Thursday, March 22, 2007

Store Brands

At one of the local markets today, I ran across this obvious knock-off of a Kit-Kat right next to the real deal on the shelf. The brand name is "Top Valu" (sic) and this bar was priced at 78 yen whereas Kit-Kats tend to range from 99 yen to 126 yen.

The bar itself is quite similar to a Kit-Kat except that the chocolate is marginally semi-sweet (as the box indicates) and Kit-Kats are milk chocolate. This bar is every bit like a Kit-Kat in other respects and doesn't seem like some cheap knock-off. In fact, it's possible that this is the same bar repackaged under a no name brand. I'm not a connoisseur of Kit-Kats and probably couldn't tell the difference in a side-by-side taste test.

I did some research into the company that made these and they have their own chain of markets. This appears to be their "store brand" but I hadn't seen it at local markets before. The company's name is Aeon (not to be confused with the English language school chain named Aeon).

There are some "generic" brands of food in Japan that come in a plain wrapper but I've never actually noticed the sort of relatively pervasive store brands you often see in the United States in supermarkets (though there are plenty of them in convenience stores). If you don't know what I mean by this, I mean things like the Kirkland brand at Costco which offers cheap versions of a wide variety of products from food to personal care to pet products. There may be a few one-off store brands in Japanese shops (like milk) but nothing like you see in the U.S.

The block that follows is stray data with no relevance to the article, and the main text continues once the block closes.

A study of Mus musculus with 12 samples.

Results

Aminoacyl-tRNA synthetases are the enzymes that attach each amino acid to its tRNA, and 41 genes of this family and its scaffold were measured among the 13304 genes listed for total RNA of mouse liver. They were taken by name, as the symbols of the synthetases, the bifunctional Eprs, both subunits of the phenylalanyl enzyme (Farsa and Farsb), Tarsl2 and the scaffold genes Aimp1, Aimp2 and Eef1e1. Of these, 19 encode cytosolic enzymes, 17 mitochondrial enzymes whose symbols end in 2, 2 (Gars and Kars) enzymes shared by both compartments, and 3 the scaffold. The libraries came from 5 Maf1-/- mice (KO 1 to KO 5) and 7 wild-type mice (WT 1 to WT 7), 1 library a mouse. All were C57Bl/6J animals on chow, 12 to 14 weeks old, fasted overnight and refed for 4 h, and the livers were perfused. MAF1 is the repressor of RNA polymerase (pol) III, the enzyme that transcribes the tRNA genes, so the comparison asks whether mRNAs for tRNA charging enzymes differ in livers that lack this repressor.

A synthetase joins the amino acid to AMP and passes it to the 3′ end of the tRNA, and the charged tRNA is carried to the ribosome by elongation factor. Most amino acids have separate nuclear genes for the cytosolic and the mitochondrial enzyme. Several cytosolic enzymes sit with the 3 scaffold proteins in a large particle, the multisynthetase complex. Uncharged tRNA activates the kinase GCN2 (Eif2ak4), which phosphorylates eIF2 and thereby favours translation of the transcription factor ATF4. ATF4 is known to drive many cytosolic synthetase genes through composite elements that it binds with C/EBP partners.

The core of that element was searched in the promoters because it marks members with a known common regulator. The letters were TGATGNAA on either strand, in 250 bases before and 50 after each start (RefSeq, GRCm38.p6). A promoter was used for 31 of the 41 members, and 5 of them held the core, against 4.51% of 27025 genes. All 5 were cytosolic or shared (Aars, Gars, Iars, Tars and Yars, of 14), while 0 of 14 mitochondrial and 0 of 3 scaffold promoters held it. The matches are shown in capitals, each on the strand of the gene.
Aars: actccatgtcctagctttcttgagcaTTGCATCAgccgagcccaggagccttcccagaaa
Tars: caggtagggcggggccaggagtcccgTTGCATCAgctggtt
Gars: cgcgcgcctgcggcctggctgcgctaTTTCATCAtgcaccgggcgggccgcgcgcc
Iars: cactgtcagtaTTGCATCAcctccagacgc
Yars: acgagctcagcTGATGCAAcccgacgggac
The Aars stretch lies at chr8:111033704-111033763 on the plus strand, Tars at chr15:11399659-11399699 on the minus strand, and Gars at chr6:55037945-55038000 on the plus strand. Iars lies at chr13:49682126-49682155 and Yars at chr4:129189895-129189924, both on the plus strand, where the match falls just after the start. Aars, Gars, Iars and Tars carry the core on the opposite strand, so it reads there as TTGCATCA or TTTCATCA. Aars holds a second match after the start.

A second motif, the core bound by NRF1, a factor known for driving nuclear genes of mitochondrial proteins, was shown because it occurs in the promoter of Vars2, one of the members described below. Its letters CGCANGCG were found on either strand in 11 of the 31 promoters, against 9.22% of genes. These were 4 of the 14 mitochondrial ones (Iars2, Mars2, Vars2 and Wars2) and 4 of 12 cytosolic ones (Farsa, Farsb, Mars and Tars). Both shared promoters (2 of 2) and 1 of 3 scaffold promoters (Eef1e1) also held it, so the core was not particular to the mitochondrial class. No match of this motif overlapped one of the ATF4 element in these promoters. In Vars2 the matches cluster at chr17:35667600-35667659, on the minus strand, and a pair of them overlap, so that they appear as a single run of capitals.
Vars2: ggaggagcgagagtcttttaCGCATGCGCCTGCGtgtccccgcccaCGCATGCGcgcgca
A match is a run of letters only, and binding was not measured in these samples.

While researching this article, I came across an interesting web site about the Japanese consumer market. I'm adding it to my links list. If you want to get a deeper look at what businesses are doing in Japan, you may want to check it out.


Luis said...

Well, this is pretty predictable, and used to be worse when the distribution system was even more controlled to steer users toward domestic knock-offs of foreign brands. I remember Cheetos coming out here, only to vanish when a Japanese brand showed up and got all the shelf space.

Nanny Haha said...

In the late 90s a couple of very popular books on the history of chocolate in America came out at about the same time. One was a really interesting book about the war between Hershey and M&M/Mars. Amazing what goes on behind the scenes with CHOCOLATE--it's a cut throat business! Anyway, it got me reading more about the history of chocolate in general and I found out that milk chocolate is something that is very unique to America. The Europeans, for example, use more bitter and/or dark chocolate. But Americans have the monopoly on milk chocolate. This would probably explain why the faux KitKat you mention in your post was almost exactly like the original except that the chocolate part was a bit off. Being that Americans specialize in milk chocolate (and our big chocolate companies like Hershey actually have top-secret patents on the recipe), it may be very difficult for the Japanese company to duplicate that.